If you are new to swimming, workouts are written in yards or meters. Most pools in the United States are 25 yards in length, so a 100 is four lengths of the pool. If you are lucky enough to swim in an Olympic size pool (LCM = Long Course Meters), that would be 50 meters one way, so a 100 would be two lengths of the pool.
Common Swimming Terms and Abbreviations
B 3/4/5– this refers to breathing. So, you would breath every 3 strokes for one length, every 4 strokes for the second length, and every 5 strokes for the 3rd length, and then repeat.
Build– means that you will get faster within a swim distance that is within a set. For example: 4x100s BUILD means you get faster with each 25 yards of each 100, and then you repeat that BUILD for your next 100.
Catch up– hands are out in front of you for freestyle and you swim with one arm at a time while kicking. When one hand catches up to the other out in front, take a stroke with your other arm.
Claw–short-arm freestyle drill
DESC–means “descending”. This is when you get faster in a swim set. For example 4x100s DESC means that each 100 is FASTER than the one before.
DPS- distance per stroke. Focus on decreasing the number of strokes it takes you to swim one length of the pool.
DR- drill. You will be asked to do a drill for your stroke, like the fingertip drag, catch-up free, etc.
E -even. For example for a set written as 8x75s O=stroke, E=Free, you would swim the odd numbers a stroke of your choice and the even numbers freestyle.
FAP- fast as possible. You better sprint your butt off!
Flip Turn–one way to turn off the wall. Count your strokes from the top of the “T”, tuck, dolphin kick your legs over in a half somersault, push off, turn over on your stomach, streamline, kick, break the surface, and swim.
Free–swim freestyle or front crawl
IM– Individual Medley. The order for the IM is butterfly, backstroke, breaststroke, and freestyle.
KOB or KOS–kick on back or kick on side, without the kick board
Lap– two lengths of the pool.
Length– one length of the pool
Long Course Pool (LCM)– 50 meters in length or long course meters
N/S– negative split. This is when the second half of a swim is faster than the first half. For example, in a 200 N/S the first 100 is slower than the second 100.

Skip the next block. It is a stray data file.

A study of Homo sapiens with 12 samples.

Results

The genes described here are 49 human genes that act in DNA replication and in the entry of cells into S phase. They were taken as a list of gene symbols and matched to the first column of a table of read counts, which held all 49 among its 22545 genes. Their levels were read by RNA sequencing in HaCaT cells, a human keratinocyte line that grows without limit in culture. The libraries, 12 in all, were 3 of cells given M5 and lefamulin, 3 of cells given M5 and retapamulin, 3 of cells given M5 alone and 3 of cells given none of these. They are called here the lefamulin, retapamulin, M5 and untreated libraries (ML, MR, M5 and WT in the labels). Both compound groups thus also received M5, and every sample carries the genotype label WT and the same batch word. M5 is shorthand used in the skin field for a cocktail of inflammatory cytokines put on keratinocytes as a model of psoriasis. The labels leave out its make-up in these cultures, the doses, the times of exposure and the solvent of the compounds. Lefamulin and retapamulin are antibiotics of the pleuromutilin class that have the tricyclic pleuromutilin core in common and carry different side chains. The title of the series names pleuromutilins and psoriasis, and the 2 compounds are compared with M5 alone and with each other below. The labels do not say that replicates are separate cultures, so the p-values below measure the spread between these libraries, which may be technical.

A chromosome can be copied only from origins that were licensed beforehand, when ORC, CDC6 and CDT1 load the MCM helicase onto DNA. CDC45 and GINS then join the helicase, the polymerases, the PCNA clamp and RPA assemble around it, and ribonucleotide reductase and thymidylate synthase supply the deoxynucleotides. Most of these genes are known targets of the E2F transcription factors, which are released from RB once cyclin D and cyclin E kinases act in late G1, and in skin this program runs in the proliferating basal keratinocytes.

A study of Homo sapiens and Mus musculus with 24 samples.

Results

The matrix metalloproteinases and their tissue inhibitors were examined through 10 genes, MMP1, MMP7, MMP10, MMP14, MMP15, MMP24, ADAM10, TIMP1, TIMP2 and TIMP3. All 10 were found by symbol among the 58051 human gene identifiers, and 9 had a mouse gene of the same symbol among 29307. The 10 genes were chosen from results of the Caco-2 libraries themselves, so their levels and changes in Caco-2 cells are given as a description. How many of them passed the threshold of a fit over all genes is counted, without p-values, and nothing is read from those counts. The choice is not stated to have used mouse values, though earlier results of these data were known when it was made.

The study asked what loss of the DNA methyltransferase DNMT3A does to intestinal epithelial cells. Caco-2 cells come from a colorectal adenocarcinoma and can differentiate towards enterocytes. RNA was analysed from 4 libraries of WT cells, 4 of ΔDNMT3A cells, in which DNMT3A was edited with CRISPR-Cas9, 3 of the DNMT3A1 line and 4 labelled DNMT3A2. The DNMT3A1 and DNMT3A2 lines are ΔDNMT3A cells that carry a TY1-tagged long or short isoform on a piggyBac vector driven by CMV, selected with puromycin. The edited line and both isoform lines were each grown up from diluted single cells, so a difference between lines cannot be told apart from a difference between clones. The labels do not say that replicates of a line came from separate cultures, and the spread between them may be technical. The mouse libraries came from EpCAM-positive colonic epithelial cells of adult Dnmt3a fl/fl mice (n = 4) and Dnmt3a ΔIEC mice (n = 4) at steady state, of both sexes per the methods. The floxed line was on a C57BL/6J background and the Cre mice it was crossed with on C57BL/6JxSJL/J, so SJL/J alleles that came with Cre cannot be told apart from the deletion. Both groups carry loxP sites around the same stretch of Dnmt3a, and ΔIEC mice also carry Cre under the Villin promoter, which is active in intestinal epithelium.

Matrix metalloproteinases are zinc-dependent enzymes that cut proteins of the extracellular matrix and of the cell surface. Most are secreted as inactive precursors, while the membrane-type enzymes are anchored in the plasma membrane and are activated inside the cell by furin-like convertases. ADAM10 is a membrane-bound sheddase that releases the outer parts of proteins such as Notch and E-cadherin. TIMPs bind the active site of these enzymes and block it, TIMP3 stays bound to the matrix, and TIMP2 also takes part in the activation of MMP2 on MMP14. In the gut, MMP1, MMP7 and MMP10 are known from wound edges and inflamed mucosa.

O — odd. For example for a set written as 8x75s O=stroke, E=Free, you would swim the odd numbers a stroke of your choice and the even numbers freestyle.
Open Turn–one way to turn on the wall, grab the wall, tuck yourself into a ball, throw one arm over your head, and push off.
OWS– open water swim. Swimming that’s done in a natural body of water and not a pool.
Perfect– concentrate on good form and not speed
Pull– use a pull buoy, paddles are optional, but not necessary
Repeat– repeat the preceding set as specified. No extra rest unless noted.
RI– rest interval or the amount of time to rest. Sometimes this is written as :30 RI or 30s rest.
RLR- red line run. Swimming drill where your run from the wall in the shallow end to the line that divides the shallow end from the deep end.
Short Course Meters Pool (SCM)– 25 meters in length (slightly longer than a 25 yard pool)
Short Course Yards Pool (SCY)– 25 yards in length
SI– swim interval, usually a slow, recovery swim in between sets.
SKIDS– stands for swim, kick, individual medley, drills, stroke. An example would be 300 SKIDS, so you would do a 300 of each: swim, kick, IM, drill, swim for a total of 1500 yards.
SKIPS- stands for swim, kick, individual medley, pull, stroke
Streamline– arms over your head, and you are as straight as an arrow leaving the wall.
Stroke–any stroke such as butterfly, backstroke, or breaststroke, but NO Freestyle
Times– written as :30 (30 seconds) or 1:30 (for 1 minute, 30 seconds). Some sets are written as 4x100s on 1:30. That means that you need to swim each 100 of the set FASTER than one minute thirty seconds if you want to get any rest.
T-pace– this is the pace per 100 that you swam in your time trial.
TT- time trial. This is when you swim for time. It’s like a test.
W/D or sometimes C/D– warm down or sometimes cool down, depends on where you live. This is at the end of the workout to slow your heart rate down.
W/U — warm up. Gets your heart rate up before the main set.
U/W– underwater recovery. The recovery phase of your stroke is done underwater instead of bringing your arm out of the water. This helps with your arm turnover and speed.
Fins–help develop your kick. I recommend short fins that will help you flex your ankles for more effective kicking.
Kick board–use this floating board for kicking and other drills
Paddles–help you catch the water, but are not necessary
Pull Buoy– goes in between your legs so you can focus on your pull. They also make pull buoys that will lock your ankles in place so you don’t have to focus on squeezing your legs to hold the buoy.
Snorkel–when you are concentrating on your stroke and head position while swimming. This way, you don’t have to turn your head to the side to breathe.